Do Grandparents Have Visitation Rights After a Couple’s Divorce?
When married spouses choose to get a divorce, or when an unmarried couple ends their relationship, this will not only affect the couple themselves, but also their children and other extended family members. In some of these cases, grandparents may be concerned about their ability to maintain close and continuing relationships with their grandchildren. This may be an issue in situations where a person does not get along with their former spouse’s parents, and grandparents may worry that a parent will attempt to limit the amount of time they can spend with their grandchildren or otherwise harm a child’s relationship with extended family members. In some cases, grandparents may be able to secure visitation rights with grandchildren. When addressing these issues, grandparents can work with a family law attorney to determine their rights and options.
Petitioning for Grandparent Visitation Rights
Illinois law presumes that parents who are fit to care for their children are able to make decisions about whether continuing relationships with grandparents will be beneficial for their children. However, if a parent has denied a grandparent access to their grandchildren, a grandparent may petition for visitation rights. In these cases, a grandparent will need to show that a parent’s actions to deny visitation by a grandparent will result in harm to a child’s physical or emotional well-being.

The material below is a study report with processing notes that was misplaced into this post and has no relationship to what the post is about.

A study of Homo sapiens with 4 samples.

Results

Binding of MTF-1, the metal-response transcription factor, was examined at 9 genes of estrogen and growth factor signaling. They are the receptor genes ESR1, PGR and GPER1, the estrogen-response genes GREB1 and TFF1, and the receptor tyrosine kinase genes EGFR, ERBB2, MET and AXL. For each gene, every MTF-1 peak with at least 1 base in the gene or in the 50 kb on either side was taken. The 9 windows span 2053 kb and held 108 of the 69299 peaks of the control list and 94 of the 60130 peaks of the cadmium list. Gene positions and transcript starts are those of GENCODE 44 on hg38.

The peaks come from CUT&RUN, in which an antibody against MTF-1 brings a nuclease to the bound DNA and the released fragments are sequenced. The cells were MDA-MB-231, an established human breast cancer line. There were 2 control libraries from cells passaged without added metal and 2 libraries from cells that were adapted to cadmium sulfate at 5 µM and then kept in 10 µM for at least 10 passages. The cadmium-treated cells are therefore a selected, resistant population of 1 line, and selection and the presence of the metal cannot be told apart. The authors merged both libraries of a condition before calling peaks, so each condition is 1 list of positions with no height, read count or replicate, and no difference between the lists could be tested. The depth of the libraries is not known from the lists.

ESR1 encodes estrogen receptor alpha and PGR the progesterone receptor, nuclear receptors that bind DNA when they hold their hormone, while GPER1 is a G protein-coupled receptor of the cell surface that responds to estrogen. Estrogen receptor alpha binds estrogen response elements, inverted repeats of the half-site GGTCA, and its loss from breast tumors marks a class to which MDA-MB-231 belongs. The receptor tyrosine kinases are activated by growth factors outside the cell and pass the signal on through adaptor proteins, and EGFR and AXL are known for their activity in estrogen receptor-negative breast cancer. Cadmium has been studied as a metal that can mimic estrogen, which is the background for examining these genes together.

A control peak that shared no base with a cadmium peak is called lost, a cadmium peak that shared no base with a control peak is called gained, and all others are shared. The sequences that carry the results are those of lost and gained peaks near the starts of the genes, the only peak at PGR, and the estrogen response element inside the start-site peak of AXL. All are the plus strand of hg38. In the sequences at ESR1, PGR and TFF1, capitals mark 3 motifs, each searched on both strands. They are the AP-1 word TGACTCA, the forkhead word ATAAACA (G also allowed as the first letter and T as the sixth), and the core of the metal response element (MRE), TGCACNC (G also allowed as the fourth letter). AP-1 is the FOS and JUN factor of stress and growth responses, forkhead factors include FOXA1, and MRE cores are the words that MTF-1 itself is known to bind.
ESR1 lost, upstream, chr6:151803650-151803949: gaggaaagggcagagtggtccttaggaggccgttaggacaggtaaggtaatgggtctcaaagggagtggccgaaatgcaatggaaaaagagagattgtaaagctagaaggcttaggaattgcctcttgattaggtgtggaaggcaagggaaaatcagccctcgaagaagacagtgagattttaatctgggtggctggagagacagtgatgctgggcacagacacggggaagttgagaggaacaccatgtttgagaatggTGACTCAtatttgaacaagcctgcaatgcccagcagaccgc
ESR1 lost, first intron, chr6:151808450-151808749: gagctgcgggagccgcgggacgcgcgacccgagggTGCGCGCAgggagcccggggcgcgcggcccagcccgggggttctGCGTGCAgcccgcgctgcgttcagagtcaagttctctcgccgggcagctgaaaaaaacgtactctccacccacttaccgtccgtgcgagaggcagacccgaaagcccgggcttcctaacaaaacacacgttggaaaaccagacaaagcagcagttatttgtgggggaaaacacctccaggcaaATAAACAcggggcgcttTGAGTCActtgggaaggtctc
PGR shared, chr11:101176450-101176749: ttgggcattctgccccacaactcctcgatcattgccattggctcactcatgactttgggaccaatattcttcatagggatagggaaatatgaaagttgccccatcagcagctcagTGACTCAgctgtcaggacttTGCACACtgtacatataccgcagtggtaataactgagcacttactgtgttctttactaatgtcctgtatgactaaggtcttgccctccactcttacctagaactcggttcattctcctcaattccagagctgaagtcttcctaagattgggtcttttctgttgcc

If a child’s parents have begun the divorce process, have finalized their divorce, or have received a legal separation, a grandparent may petition for visitation as long as one of the parents does not object to this visitation. Grandparents may also seek visitation rights in cases where a child’s parents are unmarried and not living together, as well as situations where one of the child’s parents is deceased, has been missing for at least 90 days, is incarcerated in prison, or is deemed legally incompetent.
When determining whether to grant visitation to grandparents, a family court judge may consider several different factors, including the wishes of the child, the physical and mental health of the child and the grandparents, the grandparents’ previous relationship with the child, whether a parent has denied visitation to grandparents in good faith, whether visitation with grandparents would affect a child’s regular activities, and whether visitation arrangements can be made that will minimize the possibility that a child will be exposed to conflict between adults. If visitation is granted, it must be structured in a way that will not affect the parenting time of the parent who is not related to the grandparents. Visitation may involve in-person visits or regular electronic communication between grandparents and grandchildren.
Contact Our Oakbrook Terrace Grandparents’ Rights Lawyers
At Farooqi & Husain Law Office, we can help protect your rights as a grandparent and address your concerns about your ability to spend time with your grandchildren. We will work with you to determine your options for requesting visitation, including working out agreements with your grandchild’s parent(s) or petitioning for visitation rights in family court. Contact our DuPage County grandparent visitation attorneys today at 630-909-9114.